This practical little footstool brings a pop of color and graphic pattern to a room with its bright woven surface. The simple twill weave creates diagonal bands, giving you the opportunity to to turn stripes into chevrons or diamonds just by reversing the pattern. -Natalie
Photos above by Max Tielman
Click through for the full how-to after the jump!
A note on materials: Paper cord can also be called fiber rush or paper rush. Here I’ve used a 12×14 inch frame, with 50 yards of 3/16 inch persimmon paper cord as the “warp” and 25 yards of white “weft.” The project can readily be sized up, or woven with Danish cord or macrame cord.
-furniture or flat head tacks
-optional: polyurethane or paint for the stool frame
Begin by prepping the footstool frame with any paint or sealant you like – I gave this one a few coats of polyurethane.
To attach the warp (the dominant color, persimmon in this case) to the frame, push a tack through the middle of the cord and hammer it into the frame, inside one of the upper rails. Wrap the cord around the rail perpendicular to its attachment, then across the top of the stool and opposite rail. Continue winding the cord around these two rails, packing each wrap closely together, forming the top of the footstool. After about 4-5 wraps, pull the cord as taught as you can and clamp it with a scissor clamp. Continue in this fashion, tightening the cord and moving the clamp up until about 3 inches of open space remain.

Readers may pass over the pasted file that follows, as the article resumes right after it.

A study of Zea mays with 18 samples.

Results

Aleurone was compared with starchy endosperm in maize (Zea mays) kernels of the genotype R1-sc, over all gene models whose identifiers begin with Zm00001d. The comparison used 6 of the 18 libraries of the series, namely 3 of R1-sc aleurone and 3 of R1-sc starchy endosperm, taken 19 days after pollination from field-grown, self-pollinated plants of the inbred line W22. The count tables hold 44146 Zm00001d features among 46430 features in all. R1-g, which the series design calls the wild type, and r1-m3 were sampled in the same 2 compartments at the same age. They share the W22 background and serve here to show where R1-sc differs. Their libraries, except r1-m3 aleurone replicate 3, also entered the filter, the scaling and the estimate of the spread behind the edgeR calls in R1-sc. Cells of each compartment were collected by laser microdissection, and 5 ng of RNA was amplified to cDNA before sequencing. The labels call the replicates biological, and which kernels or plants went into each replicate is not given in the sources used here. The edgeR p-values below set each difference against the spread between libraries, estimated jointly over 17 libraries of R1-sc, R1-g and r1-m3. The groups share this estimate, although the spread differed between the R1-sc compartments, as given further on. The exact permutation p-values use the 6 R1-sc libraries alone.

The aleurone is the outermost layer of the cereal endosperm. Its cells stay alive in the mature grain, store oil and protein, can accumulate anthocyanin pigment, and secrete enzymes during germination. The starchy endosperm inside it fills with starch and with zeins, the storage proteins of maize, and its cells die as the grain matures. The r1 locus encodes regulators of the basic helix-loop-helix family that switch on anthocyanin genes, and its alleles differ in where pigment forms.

Attach the “weft” (the white cord) with a tack to the inside of the rail, where it will be covered by the completed warp. Continue winding the warp cord until the space is filled, tighten it, and attach the end with a tack to the rail parallel to the lines of cord.
To weave the footstool top, lace the weft cord through the completed warp. I have used a 3 over/ 3 under pattern, but you can use what pattern you like – 1/3, 2/2, or 5/4 for example. The more cords the weft passes over, the more visible that color will be in the completed pattern.
Pull the whole length of weft cord through the warp in its pattern, wrap around the underside, tighten, and push as close the bottom edge of the warp as possible. For the second row, work in the same pattern as the first (3/3 in this case), but shifted 1 warp cord over. This shift will create the diagonal stripe. Continue in this manner until the entire top is woven, using an awl to help you over the last few inches as the tension increases.
To alter the pattern at any point in the weaving, simply reverse the shift. I did this about a third of the way along, creating a line of symmetry or arrow. Reversing multiple times will create a chevron or herringbone pattern, and adding a perpendicular axis of symmetry will create a striped diamond.